Learn more about Caliber 9S
8 beats or 10? A simple question with complex consequences
The faint ticking sound of a mechanical watch is the sound of the jeweled pallet fork engaging with the teeth of the escape wheel in the escapement each time the balance wheel swings. In most mechanical watches, this sound is heard eight times per second, revealing that the movement is an 8-beat. Both the movement of the wearer’s wrist and gravity itself can have a substantial effect on the precision with which the escapement operates so the challenge is to find ways to minimize this effect. The obvious approach would be to increase the number of beats and many watchmakers have taken this route. The fact, however, that there are so few movements in the world that are 10-beat or more is telling, as it demonstrates the extreme difficulty encountered in achieving the required level of durability in the components, given the extra stress on them that the higher number of beats per second imposes. Since the 1960s, Grand Seiko was one of the very few watchmakers to have met this challenge, in the form of the 10-beat 4529 and 6145 movements.
New alloys for higher performance
Increasing the number of oscillations of the balance wheel leads to a proportionately greater consumption of the mainspring’s energy. Shifting from an 8-beat movement to a 10-beat would require 1.5 times more torque and result in a nearly 40 percent loss of power reserve. Increasing impact resistance and efficiently retaining the energy of the balance spring, which is a part of the balance wheel, is also essential. Seiko Instruments had been working with universities and research institutes for over half a century to develop springs. The mainspring of 9S85 is made of Spron 530, an alloy created after some six years of research and development. About five years of hard work was also necessary for the birth of Spron 610 used in the balance spring. The creation of the 10-beat Caliber 9S85 would not have been possible without these two new alloys and springs.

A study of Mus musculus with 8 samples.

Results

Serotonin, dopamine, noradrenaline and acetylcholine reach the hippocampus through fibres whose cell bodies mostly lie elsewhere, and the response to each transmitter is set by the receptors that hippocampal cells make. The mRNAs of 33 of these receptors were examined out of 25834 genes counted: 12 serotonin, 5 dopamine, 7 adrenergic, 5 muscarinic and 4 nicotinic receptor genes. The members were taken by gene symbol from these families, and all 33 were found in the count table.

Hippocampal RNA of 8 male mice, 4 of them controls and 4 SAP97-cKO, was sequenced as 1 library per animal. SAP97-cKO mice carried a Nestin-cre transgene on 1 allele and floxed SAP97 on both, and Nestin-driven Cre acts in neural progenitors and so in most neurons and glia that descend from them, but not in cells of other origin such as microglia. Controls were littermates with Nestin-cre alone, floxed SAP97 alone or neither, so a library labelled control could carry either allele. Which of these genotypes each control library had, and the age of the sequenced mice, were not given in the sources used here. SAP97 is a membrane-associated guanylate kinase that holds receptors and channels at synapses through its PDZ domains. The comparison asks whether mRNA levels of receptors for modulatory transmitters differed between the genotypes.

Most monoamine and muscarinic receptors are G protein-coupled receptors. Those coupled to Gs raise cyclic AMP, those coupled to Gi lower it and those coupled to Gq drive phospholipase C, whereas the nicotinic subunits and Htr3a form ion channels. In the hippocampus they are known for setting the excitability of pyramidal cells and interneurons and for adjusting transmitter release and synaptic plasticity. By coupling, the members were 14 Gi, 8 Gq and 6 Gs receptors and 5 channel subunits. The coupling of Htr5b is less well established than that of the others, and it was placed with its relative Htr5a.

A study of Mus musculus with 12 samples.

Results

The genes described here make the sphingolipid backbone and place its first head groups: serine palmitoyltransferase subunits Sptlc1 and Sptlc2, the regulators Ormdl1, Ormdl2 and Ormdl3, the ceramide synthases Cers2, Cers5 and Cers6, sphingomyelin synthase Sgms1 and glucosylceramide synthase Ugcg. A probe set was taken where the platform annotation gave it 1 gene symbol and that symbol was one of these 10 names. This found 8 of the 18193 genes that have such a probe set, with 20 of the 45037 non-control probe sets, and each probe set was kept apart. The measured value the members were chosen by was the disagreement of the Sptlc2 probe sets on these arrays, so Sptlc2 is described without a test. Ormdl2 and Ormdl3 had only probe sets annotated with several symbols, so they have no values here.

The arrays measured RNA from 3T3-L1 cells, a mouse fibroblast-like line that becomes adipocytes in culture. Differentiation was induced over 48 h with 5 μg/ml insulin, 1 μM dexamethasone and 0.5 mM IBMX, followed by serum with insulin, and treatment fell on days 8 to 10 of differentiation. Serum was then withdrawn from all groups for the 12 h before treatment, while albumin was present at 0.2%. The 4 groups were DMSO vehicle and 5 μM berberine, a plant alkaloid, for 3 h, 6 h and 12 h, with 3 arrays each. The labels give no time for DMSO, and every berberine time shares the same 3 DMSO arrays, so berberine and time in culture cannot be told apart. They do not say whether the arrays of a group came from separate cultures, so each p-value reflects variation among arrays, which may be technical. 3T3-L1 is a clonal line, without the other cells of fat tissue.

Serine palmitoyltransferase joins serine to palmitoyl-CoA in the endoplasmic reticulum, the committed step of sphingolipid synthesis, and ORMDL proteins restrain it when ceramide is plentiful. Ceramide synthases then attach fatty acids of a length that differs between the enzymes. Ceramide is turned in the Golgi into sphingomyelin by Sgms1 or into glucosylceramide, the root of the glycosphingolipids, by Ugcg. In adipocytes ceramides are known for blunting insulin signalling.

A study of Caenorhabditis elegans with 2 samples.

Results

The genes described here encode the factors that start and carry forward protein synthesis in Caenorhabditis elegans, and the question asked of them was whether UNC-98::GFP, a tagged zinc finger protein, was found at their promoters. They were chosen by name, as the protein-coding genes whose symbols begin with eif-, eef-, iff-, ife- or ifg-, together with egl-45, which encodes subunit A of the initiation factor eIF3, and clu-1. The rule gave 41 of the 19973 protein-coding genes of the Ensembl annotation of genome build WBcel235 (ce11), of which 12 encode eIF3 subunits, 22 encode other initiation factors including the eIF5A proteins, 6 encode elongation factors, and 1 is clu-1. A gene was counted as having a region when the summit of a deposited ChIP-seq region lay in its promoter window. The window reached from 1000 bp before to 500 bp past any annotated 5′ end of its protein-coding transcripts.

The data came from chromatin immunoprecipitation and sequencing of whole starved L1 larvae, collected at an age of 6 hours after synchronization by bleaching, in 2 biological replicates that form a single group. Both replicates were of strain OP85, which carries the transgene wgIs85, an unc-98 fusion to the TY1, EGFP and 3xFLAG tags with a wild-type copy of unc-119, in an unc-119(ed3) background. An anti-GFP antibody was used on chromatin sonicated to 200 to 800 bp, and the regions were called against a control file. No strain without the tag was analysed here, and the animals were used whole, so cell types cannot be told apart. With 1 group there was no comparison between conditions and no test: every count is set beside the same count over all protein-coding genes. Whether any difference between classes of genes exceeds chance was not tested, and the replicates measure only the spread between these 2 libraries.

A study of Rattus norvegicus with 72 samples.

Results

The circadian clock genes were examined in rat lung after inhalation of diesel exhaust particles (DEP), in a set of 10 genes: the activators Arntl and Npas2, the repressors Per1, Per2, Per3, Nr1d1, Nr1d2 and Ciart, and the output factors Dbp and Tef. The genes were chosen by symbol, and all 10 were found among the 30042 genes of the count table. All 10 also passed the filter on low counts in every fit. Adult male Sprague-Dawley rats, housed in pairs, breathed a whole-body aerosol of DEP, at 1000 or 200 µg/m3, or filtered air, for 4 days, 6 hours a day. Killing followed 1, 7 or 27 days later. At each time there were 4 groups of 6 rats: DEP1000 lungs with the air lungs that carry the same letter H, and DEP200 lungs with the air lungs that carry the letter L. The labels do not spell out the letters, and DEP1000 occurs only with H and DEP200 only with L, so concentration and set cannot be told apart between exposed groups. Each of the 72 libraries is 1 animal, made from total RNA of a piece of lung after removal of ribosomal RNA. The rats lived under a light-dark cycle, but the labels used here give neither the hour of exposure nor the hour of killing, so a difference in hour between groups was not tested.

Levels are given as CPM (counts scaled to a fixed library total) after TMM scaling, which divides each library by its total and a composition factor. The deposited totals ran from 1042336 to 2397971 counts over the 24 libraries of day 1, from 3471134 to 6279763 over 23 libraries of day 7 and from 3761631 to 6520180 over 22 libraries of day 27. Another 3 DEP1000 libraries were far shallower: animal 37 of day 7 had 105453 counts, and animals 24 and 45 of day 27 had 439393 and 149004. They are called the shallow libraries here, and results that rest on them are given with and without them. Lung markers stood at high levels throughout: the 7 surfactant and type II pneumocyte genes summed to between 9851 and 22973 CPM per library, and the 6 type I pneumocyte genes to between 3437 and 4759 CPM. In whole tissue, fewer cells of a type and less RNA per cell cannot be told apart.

A new manufacturing technique for the most critical components
Enhancing the precision of each part was also crucial for the new 10-beat movement and nowhere is this more true than in the escapement and, in particular, where precision manufacturing could deliver significant gains in performance. The balance wheel in Caliber 9S85 is machined to tolerances of one-millionth of a gram to ensure its precise back and forth rotation. Indeed, the whole escapement of Caliber 9S85 would not have been possible without the use of MEMS (Micro Electro Mechanical System), the ultra-precision machining technology that the company had mastered through its semiconductor manufacturing. This technique allows far greater precision in complex components than can be achieved by cutting. Greater durability was achieved by creating lightening holes in the escape wheel and pallet fork, and also tiered tips on the escape wheel teeth, which successfully improved oil retention performance. Caliber 9S85 may use a traditional escapement but it is an escapement made with the very best of 21st century technology.